A rustic icon draws tens of thousands of pilgrims

by Jacqueline Ruyak


“Walking is a kind of sacrifice offered to Mary,” he added.

It was the second Saturday of September in northeastern Hungary and the weather was perfect. Apples, pears and plums were in season, grapes were on the vine and roses, marigolds and herbs still scented the air. On the following day, Bishop Szilárd Keresztes, Greek Catholic Bishop of Hajdúdorog, would celebrate an open-air liturgy in Máriapiócs to commemorate one of the principal feasts of the Virgin Mary, her Nativity.

For more than three centuries, Máriapócs (formerly the village of Pócs) has been known for its weeping icon of the Virgin Mary (opposite). Commissioned in 1676 by a local man who had escaped imprisonment by the Turks, the icon first wept in 1696. Cures and miracles were soon attributed to it. In 1697, by order of the Hapsburg emperor of Austria, the icon was taken to St. Stephen Cathedral in Vienna and replaced with a copy.

The original icon, which remains in Vienna, never again shed tears, but the copy has purportedly wept twice, in 1715 and 1905. Both moments marked periods of hardship in Hungarian history. The first instance marked the Hapsburg army’s defeat of an independence movement led by the Catholic revolutionary Ferenc Rákóczi. And in 1905, Hungary was impoverished, with an estimated 3 million beggars roaming the countryside.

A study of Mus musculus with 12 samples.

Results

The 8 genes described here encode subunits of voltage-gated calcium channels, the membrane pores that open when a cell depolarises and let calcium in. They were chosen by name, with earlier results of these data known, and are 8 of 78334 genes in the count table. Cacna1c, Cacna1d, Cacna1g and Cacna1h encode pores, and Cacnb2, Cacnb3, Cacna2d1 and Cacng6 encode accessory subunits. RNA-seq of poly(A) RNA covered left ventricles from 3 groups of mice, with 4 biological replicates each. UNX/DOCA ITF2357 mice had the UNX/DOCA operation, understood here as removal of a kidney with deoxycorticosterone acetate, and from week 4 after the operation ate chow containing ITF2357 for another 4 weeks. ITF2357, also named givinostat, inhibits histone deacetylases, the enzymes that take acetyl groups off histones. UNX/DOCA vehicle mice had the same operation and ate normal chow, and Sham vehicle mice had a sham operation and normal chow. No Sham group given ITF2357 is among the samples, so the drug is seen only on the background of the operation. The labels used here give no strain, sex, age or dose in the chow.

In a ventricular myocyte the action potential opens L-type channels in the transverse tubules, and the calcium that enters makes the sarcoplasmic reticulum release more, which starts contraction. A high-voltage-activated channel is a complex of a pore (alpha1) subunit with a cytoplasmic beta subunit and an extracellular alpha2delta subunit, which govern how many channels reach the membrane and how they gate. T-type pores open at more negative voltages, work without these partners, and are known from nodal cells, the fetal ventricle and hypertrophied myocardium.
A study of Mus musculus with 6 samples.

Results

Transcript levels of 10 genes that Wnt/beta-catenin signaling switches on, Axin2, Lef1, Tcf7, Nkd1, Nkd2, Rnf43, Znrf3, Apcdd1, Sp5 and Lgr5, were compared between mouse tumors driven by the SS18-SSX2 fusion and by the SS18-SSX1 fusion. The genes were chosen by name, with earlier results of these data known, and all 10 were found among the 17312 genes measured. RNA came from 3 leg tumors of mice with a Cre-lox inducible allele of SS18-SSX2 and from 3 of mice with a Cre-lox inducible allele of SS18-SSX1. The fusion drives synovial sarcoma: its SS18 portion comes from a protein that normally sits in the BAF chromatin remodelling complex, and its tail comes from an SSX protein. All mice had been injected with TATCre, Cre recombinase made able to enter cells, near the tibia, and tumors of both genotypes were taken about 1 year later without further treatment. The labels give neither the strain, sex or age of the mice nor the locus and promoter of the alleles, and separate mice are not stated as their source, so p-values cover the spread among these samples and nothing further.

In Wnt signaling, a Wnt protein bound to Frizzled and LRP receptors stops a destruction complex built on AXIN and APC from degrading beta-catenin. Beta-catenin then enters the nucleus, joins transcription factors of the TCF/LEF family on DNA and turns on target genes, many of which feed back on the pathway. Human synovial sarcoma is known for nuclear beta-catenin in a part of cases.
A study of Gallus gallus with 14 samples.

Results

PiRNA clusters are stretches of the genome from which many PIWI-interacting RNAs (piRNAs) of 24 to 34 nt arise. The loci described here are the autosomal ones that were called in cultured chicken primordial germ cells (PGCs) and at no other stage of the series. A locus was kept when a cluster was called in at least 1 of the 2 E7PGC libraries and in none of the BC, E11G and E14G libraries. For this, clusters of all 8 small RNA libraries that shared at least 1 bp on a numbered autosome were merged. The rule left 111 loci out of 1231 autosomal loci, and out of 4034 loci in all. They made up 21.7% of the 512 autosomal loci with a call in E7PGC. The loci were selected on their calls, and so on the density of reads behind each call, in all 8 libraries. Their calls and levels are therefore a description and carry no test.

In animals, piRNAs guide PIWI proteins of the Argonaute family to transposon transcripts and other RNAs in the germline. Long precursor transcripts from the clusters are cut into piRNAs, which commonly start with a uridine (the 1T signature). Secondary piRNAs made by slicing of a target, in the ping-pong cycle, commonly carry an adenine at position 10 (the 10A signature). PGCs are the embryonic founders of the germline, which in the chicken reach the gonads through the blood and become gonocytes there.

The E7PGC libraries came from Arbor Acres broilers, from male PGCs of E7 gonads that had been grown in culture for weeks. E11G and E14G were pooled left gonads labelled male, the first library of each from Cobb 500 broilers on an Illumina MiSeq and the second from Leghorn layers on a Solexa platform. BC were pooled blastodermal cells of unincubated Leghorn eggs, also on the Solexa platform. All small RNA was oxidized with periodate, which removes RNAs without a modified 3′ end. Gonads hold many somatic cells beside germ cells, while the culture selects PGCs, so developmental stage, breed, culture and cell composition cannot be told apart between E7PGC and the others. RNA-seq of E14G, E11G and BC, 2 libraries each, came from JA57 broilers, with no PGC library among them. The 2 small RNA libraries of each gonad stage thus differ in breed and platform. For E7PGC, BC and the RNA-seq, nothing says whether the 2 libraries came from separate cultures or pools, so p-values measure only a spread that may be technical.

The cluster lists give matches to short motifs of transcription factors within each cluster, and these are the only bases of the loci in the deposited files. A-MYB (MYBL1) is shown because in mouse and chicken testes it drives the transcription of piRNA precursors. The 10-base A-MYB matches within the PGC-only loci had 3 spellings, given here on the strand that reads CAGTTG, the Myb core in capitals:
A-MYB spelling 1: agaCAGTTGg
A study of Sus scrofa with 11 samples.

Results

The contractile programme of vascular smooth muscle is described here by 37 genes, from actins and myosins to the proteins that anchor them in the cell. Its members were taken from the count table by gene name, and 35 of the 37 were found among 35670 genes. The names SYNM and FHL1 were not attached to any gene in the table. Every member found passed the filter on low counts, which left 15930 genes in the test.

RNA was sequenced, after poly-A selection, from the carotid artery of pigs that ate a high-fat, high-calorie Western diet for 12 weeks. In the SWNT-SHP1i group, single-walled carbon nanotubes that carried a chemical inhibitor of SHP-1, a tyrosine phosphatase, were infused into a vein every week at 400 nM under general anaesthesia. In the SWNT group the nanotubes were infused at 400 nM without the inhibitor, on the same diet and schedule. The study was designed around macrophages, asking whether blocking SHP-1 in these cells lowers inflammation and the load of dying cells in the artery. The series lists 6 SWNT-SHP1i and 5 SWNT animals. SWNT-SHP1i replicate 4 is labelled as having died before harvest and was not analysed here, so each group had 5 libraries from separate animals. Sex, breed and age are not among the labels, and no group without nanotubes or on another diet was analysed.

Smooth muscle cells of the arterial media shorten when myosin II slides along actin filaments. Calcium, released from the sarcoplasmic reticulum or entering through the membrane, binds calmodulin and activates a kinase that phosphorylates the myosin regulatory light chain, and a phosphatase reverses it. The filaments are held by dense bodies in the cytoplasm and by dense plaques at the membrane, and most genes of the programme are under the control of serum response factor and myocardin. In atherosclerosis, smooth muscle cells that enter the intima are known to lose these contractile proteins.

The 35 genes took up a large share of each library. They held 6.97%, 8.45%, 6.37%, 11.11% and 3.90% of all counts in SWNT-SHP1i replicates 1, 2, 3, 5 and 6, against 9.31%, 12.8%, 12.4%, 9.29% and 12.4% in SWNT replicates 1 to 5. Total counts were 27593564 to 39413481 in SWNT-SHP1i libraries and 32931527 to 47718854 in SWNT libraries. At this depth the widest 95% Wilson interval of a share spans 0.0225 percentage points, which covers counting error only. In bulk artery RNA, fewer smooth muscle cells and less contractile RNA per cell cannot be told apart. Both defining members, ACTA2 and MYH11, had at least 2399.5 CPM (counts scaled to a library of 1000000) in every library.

Since 1696, millions have paid tribute to this simple image of Mary. The wooden church that originally housed the icon was too small to accommodate the many pilgrims who flocked to the village and, in 1756, a Baroque church was built to replace it. In 1946, Pope Pius XII raised this rural church to the status of a minor basilica.

After the Communists came to power in Hungary in 1948, religious processions came under state scrutiny. At times, pilgrimages were forbidden and state agencies kept track of disobeying citizens. More often, pilgrimages were discouraged and subject to state-sanctioned harassment. With the collapse of the Soviet Union in 1989, pilgrimages resumed in earnest.

Every Sunday from spring to autumn there is a feast. The shrine’s two main pilgrimage days fall in late summer: 15 August, the feast of the Dormition, or the falling asleep of the Virgin Mary, and 8 September, the Nativity of the Virgin. Both are celebrated on the Sunday closest to the actual feast day.

Going to Máriapócs on foot has long been a way of offering a sacrifice. Ílona Konyári, 81, from the Greek Catholic village of Nyírascád, about 22 miles away, recalled such pilgrimages.

“We went to Máriapócs at least once a year, usually three times, on foot. There were two or three hundred of us, with the church banners and village crest. The baggage was carried in a cart but we walked, singing hymns as we went. While we walked, the priest heard confessions.